Galway are still thereSeptember 11, 2012 - 7:00am
THE final whistle was greeted by a strange silence. A general air of eerie flatness permeated Croke Park. Nobody really knew what to do; how to feel.
We scarcely heard the last whistle blown in the All-Ireland senior hurling final, about 10 seconds before the allotted three minutes added-on were played, such was the excitement and tension. And then suddenly it’s over.
After one of the most absorbing, entertaining and emotionally draining senior deciders in years, the question was: Is that it?
We were waiting for something else to occur; then slowly trying to come to terms with having to do it all over again in the replay on Sunday, September 30. Will the ticker sustain another rollercoaster ride like this one?
Like in all stalemates, both Kilkenny and Galway would have regrets at the 0-19 to 2-13 score line. The main thing from the Tribesmen’s perspective is they’re still alive, still unbeaten in the championship, and still have another crack at glory. Not bad for a side that the experts felt had no hope going into it against the most decorated hurling team of all time.
Afterwards both camps were simultaneously deflated and disappointed and delighted and relieved. Both can feel lucky; both can feel they left Liam McCarthy behind them. Who should be more relieved?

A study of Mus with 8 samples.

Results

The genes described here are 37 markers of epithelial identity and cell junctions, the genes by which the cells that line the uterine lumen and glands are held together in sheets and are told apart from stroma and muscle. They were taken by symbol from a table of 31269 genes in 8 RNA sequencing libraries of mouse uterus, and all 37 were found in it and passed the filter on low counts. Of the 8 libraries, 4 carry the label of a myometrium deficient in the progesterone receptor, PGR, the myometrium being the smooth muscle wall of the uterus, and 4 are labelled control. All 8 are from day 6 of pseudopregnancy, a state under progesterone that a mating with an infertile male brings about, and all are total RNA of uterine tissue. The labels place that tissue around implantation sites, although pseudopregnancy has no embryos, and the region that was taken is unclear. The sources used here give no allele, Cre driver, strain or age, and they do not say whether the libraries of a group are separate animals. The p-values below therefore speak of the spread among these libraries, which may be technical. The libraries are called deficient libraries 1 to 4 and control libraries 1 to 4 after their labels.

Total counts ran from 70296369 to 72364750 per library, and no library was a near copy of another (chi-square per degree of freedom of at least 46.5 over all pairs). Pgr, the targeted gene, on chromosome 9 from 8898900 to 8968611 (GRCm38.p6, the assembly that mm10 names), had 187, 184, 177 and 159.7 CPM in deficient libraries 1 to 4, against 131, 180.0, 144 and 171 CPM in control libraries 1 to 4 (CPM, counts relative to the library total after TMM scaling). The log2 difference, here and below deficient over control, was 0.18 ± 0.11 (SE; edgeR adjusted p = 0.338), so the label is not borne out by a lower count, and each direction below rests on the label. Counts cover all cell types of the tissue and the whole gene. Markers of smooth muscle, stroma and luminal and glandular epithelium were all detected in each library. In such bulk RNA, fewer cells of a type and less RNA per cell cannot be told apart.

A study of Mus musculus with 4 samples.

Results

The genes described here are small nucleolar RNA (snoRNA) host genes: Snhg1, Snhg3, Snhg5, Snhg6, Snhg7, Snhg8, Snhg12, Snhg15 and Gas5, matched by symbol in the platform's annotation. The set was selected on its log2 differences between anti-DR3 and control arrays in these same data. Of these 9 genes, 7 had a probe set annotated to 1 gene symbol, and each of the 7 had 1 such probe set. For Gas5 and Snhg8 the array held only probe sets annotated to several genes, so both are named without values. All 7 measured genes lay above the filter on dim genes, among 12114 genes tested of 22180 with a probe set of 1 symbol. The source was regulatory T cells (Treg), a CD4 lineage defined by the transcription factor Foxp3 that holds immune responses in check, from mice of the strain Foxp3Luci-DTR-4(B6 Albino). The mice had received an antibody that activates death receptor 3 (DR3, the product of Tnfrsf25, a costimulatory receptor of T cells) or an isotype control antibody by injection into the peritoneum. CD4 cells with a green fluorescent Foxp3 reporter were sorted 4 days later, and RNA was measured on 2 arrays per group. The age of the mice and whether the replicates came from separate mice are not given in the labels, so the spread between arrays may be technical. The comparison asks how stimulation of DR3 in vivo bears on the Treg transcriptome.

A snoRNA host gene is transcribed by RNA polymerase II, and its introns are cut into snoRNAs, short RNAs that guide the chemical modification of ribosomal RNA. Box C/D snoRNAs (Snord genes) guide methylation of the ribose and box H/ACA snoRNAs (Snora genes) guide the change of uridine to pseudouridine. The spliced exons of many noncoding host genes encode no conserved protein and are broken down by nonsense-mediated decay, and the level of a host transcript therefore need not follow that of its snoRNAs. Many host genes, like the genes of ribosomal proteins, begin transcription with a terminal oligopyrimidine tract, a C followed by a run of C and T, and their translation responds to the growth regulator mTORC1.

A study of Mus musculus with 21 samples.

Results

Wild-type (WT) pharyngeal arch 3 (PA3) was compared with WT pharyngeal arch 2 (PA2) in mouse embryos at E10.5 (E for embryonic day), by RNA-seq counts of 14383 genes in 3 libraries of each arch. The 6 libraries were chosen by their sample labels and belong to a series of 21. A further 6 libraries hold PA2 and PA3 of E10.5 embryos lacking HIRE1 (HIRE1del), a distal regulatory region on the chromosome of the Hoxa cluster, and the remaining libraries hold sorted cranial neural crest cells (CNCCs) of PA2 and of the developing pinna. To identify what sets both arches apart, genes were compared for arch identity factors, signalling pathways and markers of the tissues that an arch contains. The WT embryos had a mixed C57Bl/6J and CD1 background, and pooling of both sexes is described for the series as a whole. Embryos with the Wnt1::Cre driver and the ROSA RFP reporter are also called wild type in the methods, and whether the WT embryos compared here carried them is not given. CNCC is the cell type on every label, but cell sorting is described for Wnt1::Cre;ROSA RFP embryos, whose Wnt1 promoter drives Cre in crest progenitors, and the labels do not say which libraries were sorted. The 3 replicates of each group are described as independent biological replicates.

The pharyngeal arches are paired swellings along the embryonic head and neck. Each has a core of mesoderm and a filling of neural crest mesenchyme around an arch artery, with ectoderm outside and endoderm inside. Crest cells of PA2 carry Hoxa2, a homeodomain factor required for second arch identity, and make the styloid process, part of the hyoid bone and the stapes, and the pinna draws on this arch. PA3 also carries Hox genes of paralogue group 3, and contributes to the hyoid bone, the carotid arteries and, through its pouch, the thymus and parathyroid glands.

Kilkenny, who looked like an old team, whose legs had gone, on the slide in the opening half, and who subsequently somehow went back to the well another time, and orchestrated an awesome comeback that again proved their greatness.
Or Galway, who established a five points interval lead – it should have been more – who were subsequently in trouble at the start of the second half, yet, unlike teams of the past 24 years, particularly in recent times, didn’t fold and somehow found a resilience and bottle and nerve to withstand the black and amber onslaught and cling on to earn another day out.
When Galway led 1-8 to 0-4, thanks to a sublime goal by Joe Canning that was set-up by immense hard work from James Regan, with just minutes before the half-time whistle, it felt a bit like the Leinster Final again.
For more, read this week's Connacht Sentinel.